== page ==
This week, a lot of us who teach Classical Philology and Linguistics at Cambridge have been teaching our first essay of the first year course on the sounds of Greek and Latin. I had a request from a student for a good example of the difference between long and short alpha, which really stumped me for a while. The kind of example I needed takes a bit of explaining, but stick with me (or skip to the end if you just want to know the great example I eventually got from a colleague).
The most important point that we are trying to get across in this essay is the difference between a phoneme and a phone. A phone is the smallest unit of sound that it’s possible to make with your mouth, vocal chords and other speech apparatus – we write these in square brackets, for example [p]. But there are hundreds and hundreds of possible sounds you could make, some of which are very similar to each other, and so not all of them are thought of as separate units of sound by speakers. So, when we’re describing a language, we also want to think about how speakers of the language conceptually group all those phones together into phonemes. A phoneme is the smallest contrastive unit of sound in a particular language – we write these between slashes, for example /p/. What do I mean by “contrastive unit”? This is easiest to explain with some examples.
In English, if I use the phones [bet] then someone listening to me would understand this as the word bet. If I use the phones [pet], then the listener would understand this as the word pet. So, if I replace [b] with [p], I’ve changed the meaning of the word. I can therefore say that the phones [b] and [p] belong to two different phonemes, because [b] and [p] contrast with each other when used in the same environment. We can refer to these phonemes as /b/ and /p/.
I could try the same experiment with other phones. For example, I could try [pet] and [pʰet]. This time, my listener hears the word pet both times. In fact, in British English, the normal pronunciation of pet is [pʰet], with an aspirated [pʰ] at the beginning. But speakers of English tend not to notice this aspiration, because in English the phones [pʰ] and [p] do not contrast with each other. These phones both appear in English, but in different environments from each other – so for example pot starts with [pʰ] but spot has [p], because the sound isn’t appearing at the beginning of the word. This same pattern is repeated in all other words – in English, [pʰ] is the phone we use at the beginning of words, and [p] is the phone we use in the middle of words. So we can say that [pʰ] and [p] are both allophones (or alternative phones) of the English phoneme /p/, and that they are used in different environments from one another.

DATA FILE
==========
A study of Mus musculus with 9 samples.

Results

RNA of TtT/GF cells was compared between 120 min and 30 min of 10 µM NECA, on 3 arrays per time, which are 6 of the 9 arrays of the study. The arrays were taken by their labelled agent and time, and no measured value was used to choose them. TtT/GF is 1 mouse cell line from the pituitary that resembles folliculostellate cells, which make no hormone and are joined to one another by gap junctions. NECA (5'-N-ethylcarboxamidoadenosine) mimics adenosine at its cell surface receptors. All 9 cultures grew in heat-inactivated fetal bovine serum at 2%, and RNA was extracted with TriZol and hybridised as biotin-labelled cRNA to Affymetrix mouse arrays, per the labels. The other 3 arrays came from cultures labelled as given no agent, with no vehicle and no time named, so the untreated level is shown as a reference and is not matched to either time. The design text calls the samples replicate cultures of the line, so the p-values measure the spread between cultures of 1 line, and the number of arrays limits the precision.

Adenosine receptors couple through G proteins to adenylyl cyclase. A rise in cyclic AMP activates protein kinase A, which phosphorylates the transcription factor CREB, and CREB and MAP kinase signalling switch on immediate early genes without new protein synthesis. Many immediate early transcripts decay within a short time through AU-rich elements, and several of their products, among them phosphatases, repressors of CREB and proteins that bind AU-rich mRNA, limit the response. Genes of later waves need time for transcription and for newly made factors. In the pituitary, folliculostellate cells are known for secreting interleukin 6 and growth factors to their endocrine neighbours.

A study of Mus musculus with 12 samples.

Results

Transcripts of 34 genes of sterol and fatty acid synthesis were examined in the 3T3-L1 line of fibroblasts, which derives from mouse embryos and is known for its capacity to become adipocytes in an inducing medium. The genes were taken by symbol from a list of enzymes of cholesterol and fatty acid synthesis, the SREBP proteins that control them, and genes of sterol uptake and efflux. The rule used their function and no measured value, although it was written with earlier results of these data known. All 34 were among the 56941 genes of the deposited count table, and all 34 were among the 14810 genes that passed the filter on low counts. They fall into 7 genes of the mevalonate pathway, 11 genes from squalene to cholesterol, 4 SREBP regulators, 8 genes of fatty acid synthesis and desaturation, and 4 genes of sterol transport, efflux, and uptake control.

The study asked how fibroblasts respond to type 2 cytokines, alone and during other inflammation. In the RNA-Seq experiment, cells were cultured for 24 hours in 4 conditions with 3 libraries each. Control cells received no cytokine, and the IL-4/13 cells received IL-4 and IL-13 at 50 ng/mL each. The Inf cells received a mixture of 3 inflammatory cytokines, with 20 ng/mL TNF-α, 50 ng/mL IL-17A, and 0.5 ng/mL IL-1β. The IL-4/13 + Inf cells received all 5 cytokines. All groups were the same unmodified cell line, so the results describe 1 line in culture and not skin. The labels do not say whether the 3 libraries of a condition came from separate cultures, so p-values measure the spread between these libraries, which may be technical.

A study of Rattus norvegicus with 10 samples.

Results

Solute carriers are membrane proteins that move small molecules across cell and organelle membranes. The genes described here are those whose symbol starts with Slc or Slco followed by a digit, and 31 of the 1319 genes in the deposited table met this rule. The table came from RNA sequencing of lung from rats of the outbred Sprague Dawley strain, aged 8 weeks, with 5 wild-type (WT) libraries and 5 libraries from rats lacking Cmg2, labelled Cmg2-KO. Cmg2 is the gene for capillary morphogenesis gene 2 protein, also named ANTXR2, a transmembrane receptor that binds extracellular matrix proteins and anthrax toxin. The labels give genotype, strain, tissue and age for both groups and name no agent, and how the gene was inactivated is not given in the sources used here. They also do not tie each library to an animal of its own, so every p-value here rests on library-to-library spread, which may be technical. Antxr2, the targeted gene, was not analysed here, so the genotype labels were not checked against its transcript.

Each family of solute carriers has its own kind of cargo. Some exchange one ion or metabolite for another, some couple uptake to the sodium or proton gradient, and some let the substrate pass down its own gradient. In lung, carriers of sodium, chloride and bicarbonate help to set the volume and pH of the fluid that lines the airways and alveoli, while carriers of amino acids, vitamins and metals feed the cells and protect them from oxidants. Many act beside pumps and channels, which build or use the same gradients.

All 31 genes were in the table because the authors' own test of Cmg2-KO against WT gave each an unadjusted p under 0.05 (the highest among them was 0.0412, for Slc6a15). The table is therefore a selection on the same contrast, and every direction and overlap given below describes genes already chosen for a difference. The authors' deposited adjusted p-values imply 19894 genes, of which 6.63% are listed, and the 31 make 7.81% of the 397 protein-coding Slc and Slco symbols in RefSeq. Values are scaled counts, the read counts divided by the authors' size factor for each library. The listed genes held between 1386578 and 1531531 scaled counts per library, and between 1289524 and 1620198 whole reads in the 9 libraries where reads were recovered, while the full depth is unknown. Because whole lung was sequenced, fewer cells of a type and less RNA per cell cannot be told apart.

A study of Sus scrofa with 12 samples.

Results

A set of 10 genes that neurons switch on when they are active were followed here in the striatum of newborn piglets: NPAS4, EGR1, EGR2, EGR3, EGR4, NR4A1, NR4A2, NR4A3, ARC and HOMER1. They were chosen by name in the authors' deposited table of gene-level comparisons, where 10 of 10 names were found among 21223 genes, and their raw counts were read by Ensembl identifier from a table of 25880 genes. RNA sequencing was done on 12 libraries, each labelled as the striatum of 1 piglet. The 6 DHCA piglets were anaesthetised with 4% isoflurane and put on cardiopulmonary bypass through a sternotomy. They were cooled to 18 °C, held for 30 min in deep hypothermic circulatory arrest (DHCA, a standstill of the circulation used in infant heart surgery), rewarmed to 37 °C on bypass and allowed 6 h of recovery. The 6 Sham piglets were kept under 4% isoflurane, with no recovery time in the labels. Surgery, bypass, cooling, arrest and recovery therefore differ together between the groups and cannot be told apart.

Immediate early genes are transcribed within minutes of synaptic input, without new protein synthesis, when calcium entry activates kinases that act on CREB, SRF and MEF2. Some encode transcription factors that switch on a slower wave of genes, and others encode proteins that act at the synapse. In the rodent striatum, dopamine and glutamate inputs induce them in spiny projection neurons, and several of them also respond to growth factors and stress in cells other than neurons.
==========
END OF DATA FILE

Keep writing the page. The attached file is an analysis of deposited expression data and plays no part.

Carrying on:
It’s important to remember, though, that the way in which phones are grouped together into phonemes is different in each language. So, if I were to try the same experiment with ancient Greek, I would get a different result. For example, if I said [pʰō], that would mean “I speak” (in the subjunctive), whereas [pō] would mean “yet”. In Greek, unlike in English, the phones [pʰ] and [p] are part of two different phonemes, /pʰ/ and /p/. These two phonemes are also conveniently written with two different letters, <φ> and <π>. Learning the differences between the phonemes of your own language and another is one part of why pronunciation is difficult when you’re learning another language.
In these examples, the pairs of contrasting words I’m looking for, like bet and pet, are called minimal pairs. Finding a minimal pair is the easiest way to check whether two sounds belong to different phonemes or are allophones of the same phoneme. This isn’t always easy, though. For example, English has two phonemes /θ/ and /δ/. The first is the <th> in think and the second is the <th> in that. The trouble is, there are very very few minimal pairs for these phonemes. The only one I’ve ever come up with is mouth (noun) and mouth (verb). [Edited to add some further noun/verb pairs received from a reader by email: teeth/teethe, sheath/sheathe and wreath/wreathe.] I only just realised this week just how difficult it is to find minimal pairs for some of the Greek phonemes, especially the vowels.
In both Latin and Greek, the long and short versions of the same vowel are different phonemes. There are tons of good minimal pairs for Latin: so, for example, malus means “bad” and mālus means “apple tree”. There are also plenty of examples for long and short /e/ and /o/ in Greek (which are also written with different letters depending on whether they are long or short, which makes it easier to spot the minimal pairs). But what about Greek /a/, /i/ and /u/? They’re written with the same letter whether they are long or short (<α>, <ι> and <υ>, respectively). But surely there are some good minimal pairs to demonstrate that long /ā/ and short /a/ are different phonemes?
I posed this question to my colleagues at dinner last night, and we were all momentarily stumped. It is incredibly hard to think of long /ā/ ~ short /a/ minimal pairs. This is partly because most of the long /ā/ sounds in Attic Greek became long /e/ sounds instead – but there are still enough long /ā/ sounds around in Attic Greek that this problem is very annoying.
A learned colleague rescued us all though, by pointing out that ariston means “best” and āriston means “breakfast”. This is a fantastic example that I’d never heard before, and I’ll be using it forever now. He also had a good one for long and short /u/, which is tough just because long /u/ is not very common: puros “wheat” vs. pūros “of fire (genitive)”.
So basically, the point of this blog post is to share these fantastic minimal pairs with the world. If you’re trying to figure out some Greek linguistics, use these examples as your long/short vowel minimal pairs – your students and/or teacher will be very impressed.